The town of Ouesso lies in the heart of the rainforest in northern Congo. Spider webs of logging roads emanate from the settlement, dissected by the ‘forest highway’ of the Sangha River. The town’s location and accessibility from the forest make it a hub for the illegal wildlife trade. Bushmeat is openly sold in the markets with little regulation.
Although the spectacle of grimacing monkey carcasses and hacked crocodile tails on display at market stalls is an alarming sight to be confronted with, bushmeat has been an important source of protein for rural communities within the forest for centuries. However, today bushmeat usage has evolved from the small-scale, local consumption of the past. It has developed into large-scale exploitation with trade, shifting to the lucrative business of transporting the meat to cities for consumption by the urban elite as a delicacy, thus rendering the industry completely unsustainable.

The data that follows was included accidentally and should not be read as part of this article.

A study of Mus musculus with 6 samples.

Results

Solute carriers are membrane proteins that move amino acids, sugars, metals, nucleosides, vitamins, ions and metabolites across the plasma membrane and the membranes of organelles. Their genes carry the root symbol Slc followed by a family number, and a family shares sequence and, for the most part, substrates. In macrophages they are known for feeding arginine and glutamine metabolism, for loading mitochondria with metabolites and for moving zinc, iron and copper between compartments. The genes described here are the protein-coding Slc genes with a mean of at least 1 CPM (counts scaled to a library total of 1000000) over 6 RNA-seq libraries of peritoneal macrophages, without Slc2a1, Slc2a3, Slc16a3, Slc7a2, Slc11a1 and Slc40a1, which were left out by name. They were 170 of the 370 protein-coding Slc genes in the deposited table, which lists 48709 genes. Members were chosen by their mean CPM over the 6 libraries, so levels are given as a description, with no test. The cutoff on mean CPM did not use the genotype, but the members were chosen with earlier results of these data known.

The transportation of large amounts of bushmeat away from rural forest communities to urban areas is illegal in the Republic of Congo. At the end of 2014, the governor of Sangha province issued a statement to reinforce the application of these environmental laws – an important move for the region’s wildlife and its rural people whose livelihoods have come under threat due to the greedy exploitation of their primary food source.
In August 2015, the annual Congolese Independence Day celebration took place in Ouesso. Thousands of people travelled north from the more populated south of Congo to attend the Independence Day celebrations. The PALF (Project for the Application of Law for Fauna in the Republic of Congo) sniffer dogs were posted on the main road out of Ouesso to search the mass exodus of vehicles from the north during the days following the 15th.